Taxable compensation can be salary, wages, commissions, alimony payments and self-employment income.
It does not include things like interest and dividend income; rental income: social security income; and pension or annuity income.
Self-employment income is the net self-employment income after deducting business expenses -- not the gross revenue from the business.
The IRS has released the 2017 limits and they remain unchanged and are the same as 2016 -- $5500 and $6500 respectively.
Your IRA deduction does not include any part of a tax-free rollover to your IRA account. For 2016 and 2017, you also must have at least $5,500 or $6,500 in taxable compensation to be able to contribute the maximum amounts.
The traditional Individual Retirement Account (IRA) contribution and deduction limit is $5,500 for 2016 If you are at least age 50 or older before the end of 2016, the limits are increased to $6,500.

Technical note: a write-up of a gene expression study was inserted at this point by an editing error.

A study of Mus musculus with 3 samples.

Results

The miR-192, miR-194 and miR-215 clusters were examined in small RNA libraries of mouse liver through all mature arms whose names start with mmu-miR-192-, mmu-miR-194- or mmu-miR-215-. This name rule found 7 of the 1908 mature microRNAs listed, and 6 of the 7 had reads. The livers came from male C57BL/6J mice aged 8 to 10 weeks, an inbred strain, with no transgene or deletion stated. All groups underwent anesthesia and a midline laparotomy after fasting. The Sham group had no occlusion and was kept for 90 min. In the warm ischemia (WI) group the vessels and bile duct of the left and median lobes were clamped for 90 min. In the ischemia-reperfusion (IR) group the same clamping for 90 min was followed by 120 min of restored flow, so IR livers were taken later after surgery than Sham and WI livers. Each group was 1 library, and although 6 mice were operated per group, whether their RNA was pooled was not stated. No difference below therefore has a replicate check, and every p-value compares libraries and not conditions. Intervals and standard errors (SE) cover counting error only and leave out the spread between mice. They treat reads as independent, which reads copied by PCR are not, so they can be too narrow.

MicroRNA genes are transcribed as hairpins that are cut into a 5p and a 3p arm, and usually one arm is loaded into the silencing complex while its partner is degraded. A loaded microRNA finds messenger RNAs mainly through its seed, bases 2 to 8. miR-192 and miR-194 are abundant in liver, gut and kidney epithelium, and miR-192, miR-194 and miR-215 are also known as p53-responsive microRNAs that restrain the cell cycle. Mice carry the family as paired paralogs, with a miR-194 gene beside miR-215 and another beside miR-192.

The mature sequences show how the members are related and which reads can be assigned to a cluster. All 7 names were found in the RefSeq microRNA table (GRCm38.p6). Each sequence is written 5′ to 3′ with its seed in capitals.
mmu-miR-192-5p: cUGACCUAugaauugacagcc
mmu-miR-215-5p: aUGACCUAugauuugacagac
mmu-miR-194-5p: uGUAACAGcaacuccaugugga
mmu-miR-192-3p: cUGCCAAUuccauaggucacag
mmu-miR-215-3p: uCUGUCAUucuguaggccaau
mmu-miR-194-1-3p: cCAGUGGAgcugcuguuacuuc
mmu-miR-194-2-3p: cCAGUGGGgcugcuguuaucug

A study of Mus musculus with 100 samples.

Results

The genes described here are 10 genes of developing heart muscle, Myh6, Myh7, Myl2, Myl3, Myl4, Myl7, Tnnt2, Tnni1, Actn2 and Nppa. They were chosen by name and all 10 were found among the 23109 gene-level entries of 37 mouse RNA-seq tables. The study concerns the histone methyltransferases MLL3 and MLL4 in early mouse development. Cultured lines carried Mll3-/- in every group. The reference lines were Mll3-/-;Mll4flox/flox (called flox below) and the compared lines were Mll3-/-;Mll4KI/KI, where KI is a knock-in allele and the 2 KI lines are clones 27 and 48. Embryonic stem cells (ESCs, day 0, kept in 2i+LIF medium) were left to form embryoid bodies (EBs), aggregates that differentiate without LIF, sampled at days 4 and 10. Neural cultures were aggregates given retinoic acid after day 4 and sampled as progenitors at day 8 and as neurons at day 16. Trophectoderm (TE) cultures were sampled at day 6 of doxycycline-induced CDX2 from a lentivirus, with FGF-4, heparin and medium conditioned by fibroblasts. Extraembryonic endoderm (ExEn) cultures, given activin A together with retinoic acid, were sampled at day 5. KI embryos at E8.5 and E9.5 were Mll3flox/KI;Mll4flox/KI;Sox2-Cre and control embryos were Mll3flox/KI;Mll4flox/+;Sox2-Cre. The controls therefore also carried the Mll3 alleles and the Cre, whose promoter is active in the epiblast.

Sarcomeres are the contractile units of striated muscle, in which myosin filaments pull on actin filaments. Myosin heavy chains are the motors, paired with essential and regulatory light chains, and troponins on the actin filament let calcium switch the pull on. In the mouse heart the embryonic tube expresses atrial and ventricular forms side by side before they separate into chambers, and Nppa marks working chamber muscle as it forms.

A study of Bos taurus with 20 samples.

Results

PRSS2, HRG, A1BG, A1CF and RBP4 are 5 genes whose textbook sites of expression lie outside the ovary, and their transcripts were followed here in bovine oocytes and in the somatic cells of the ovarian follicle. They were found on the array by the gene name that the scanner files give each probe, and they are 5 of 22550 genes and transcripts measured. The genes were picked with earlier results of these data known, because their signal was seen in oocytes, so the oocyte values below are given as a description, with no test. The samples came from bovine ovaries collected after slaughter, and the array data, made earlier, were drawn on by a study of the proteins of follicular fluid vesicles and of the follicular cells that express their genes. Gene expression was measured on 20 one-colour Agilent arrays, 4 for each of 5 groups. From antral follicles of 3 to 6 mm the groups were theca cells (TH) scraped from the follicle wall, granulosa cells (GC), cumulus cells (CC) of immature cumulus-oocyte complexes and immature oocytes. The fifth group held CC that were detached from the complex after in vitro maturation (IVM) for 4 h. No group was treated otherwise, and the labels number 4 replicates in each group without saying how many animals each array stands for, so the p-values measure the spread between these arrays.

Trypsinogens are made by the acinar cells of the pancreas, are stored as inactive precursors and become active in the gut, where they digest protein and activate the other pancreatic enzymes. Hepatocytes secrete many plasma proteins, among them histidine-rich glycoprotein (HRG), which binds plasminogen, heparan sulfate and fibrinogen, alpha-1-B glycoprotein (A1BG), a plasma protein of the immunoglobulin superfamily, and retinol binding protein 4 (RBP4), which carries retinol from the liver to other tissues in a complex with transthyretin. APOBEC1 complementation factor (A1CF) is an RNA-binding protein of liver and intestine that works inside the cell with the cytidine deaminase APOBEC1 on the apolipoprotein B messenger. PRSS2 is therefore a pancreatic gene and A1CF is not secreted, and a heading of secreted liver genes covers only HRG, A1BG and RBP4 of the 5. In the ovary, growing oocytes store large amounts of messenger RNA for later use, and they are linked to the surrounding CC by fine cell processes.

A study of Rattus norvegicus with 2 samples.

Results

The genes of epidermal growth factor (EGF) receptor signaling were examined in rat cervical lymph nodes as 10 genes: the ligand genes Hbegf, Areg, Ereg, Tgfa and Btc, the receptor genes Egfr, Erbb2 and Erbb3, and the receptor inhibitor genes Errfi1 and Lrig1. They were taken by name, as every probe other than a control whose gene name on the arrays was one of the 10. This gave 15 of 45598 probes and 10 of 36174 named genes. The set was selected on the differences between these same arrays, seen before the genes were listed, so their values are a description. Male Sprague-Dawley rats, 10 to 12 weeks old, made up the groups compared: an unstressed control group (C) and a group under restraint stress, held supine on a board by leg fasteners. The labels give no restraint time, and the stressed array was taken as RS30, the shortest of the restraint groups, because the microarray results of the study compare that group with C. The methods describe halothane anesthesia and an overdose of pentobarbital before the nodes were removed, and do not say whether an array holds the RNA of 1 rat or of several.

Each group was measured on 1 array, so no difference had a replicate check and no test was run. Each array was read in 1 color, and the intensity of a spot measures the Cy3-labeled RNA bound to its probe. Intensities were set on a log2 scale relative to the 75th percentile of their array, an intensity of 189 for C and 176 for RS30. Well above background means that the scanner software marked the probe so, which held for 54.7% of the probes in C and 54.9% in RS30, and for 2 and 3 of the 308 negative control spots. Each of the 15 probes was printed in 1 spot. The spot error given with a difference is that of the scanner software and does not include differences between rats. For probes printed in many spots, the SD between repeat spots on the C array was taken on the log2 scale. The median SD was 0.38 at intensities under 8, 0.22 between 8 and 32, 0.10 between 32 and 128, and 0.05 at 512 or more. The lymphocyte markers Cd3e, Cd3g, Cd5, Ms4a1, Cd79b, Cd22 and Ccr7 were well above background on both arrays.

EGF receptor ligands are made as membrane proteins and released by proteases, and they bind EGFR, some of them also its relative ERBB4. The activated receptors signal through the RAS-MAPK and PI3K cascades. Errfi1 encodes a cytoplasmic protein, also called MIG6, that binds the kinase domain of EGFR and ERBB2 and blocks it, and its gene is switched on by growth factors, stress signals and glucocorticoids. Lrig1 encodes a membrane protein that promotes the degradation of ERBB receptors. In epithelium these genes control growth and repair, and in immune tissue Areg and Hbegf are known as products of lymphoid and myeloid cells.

Even though you may legally contribute to your IRA, your income must not be over certain amounts in order to deduct the entire amount on your 2016 Federal Income Tax Return.
Income for these purposes is defined as Modified Adjusted Gross Income.
■ If you and your spouse; or if you are single; or if you claim head of household status and were not covered by a retirement plan at your work, there are no income restrictions. Your entire IRA contribution is tax deductible.
■ If both you and your spouse are covered by a retirement plan, your IRA deduction will be phased-out if you make more than $98,000 on a joint tax return in 2016. If you make $118,000 or more on a joint tax return, you receive no IRA deduction. For 2017, these limits are increased to $99,000 and $119,000.
For 2017, the $184,000 limit is increased to $186,000 and the $194,000 limit is increased to $196,000.
■ If you are single or claim head of household status and are covered by a retirement plan, your IRA deduction is reduced when your income exceeds $61,000 in 2016 and completely eliminated when you hit $71,000. For 2017, these limits are increased to $62,000 and $72,000 respectively.